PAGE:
Mother’s Day is a great holiday. It brings all kinds of thoughts and affections to mind and heart. My mom recently visited me in the seminary. It was her first trip to Rome. In addition to wanting to see the popular churches and sites of the city, like St. Peter’s and the Trevi Fountain, she also wanted to see places dealing with my life: the seminary and university where I attend classes, places I go for coffee or with friends. Mom wanted to know where I hung out, who my friends were, what I ate, whether the food was any good and what encompassed my life away from home. As we have all learned, one way or another, moms are like that, and only moms can get away with it. Moms are interesting creatures. Who can understand a mother’s love?
Even in the Gospels, we see Mary’s motherly love for Jesus. When he was lost for three days and Mary and Joseph found him in the temple, the twelve-year-old Jesus declared that he must be about his Father’s business. Mary didn’t seem to hear him. Jesus went back home to Nazareth with her that day, and she treasured the event in her heart. Later in Jesus’ life, when he was about thirty and attended a wedding in Cana and the wine ran out, Mary turned to Jesus for a solution. Jesus told her that his hour had not yet come and seemed hesitant to work a miracle. Again, Mary didn’t seem to hear him. She turned and instructed the servants to do whatever Jesus told them. Mary loved her Son and helped his human nature to grow in wisdom and grace for his mission. Like all moms, Mary was an interesting creature. A little pushy, but with a lot of love, she was one-hundred-percent mother to Jesus Christ.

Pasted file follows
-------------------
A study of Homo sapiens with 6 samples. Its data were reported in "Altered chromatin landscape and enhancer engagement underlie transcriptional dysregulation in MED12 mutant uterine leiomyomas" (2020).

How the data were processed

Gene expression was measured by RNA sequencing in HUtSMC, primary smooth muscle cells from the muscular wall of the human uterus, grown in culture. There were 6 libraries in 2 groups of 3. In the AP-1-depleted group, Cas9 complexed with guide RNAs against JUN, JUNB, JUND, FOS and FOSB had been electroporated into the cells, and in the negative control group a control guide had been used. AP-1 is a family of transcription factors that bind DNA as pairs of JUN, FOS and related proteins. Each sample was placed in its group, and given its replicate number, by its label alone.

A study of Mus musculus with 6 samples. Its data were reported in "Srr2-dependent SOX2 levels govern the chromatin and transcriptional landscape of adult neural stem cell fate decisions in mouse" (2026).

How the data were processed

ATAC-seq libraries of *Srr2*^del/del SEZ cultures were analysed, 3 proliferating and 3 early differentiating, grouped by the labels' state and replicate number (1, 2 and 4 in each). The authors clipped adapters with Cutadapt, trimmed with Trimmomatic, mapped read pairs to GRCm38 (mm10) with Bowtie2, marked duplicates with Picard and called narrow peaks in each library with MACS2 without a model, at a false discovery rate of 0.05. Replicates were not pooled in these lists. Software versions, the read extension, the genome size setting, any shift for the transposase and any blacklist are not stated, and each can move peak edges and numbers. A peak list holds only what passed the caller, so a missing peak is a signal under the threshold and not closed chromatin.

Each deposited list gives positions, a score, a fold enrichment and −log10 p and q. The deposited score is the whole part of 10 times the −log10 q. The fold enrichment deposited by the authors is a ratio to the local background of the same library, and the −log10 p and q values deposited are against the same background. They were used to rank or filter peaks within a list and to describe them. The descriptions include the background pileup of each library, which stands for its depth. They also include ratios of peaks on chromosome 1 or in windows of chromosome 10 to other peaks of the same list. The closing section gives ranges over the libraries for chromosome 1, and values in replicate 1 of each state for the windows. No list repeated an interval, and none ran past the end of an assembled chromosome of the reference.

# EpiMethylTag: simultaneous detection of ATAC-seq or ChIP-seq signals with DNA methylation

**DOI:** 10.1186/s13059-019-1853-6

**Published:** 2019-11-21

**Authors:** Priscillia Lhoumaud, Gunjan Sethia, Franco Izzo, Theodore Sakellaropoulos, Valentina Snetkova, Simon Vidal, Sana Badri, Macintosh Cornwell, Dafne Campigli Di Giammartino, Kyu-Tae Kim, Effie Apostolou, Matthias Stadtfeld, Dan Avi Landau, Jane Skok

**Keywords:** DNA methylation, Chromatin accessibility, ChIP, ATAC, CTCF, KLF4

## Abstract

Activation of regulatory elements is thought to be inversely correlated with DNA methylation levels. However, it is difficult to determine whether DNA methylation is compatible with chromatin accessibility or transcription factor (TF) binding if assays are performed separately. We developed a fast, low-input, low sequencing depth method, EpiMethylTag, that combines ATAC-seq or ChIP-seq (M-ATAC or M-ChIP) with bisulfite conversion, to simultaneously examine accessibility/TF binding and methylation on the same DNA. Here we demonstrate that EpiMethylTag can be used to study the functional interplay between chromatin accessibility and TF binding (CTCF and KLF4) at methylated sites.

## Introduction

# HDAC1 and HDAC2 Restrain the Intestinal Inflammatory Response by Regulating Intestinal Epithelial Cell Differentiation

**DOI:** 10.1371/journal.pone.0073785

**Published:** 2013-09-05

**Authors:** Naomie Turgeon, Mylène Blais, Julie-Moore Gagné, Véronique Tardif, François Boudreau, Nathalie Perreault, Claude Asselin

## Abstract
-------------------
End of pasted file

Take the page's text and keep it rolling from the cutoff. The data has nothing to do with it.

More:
Mary held a special place in the mission of Jesus. From the crib to the Cross, from Pentecost to her Assumption, Mary knew a mother’s love. She stands as an encouragement to all mothers. She continues to love and aid in the work of her Son. Jesus’ love for her is an example to all people of the proper honor due to our own mothers and to the esteemed vocation of motherhood.
The observance of Mother’s Day is a time for children, however old or young, to show appreciation to the women who gave them life. It is a holiday to show gratitude to the women, alive or in the afterlife, who will always be a unique part of their lives and who help to give meaning and direction in this life. It is a time to remember what has been done for us and to simply say thank you.
Jeff Kirby is a seminarian studying in Rome. He is a member of St. Joseph Church in Columbia, S.C.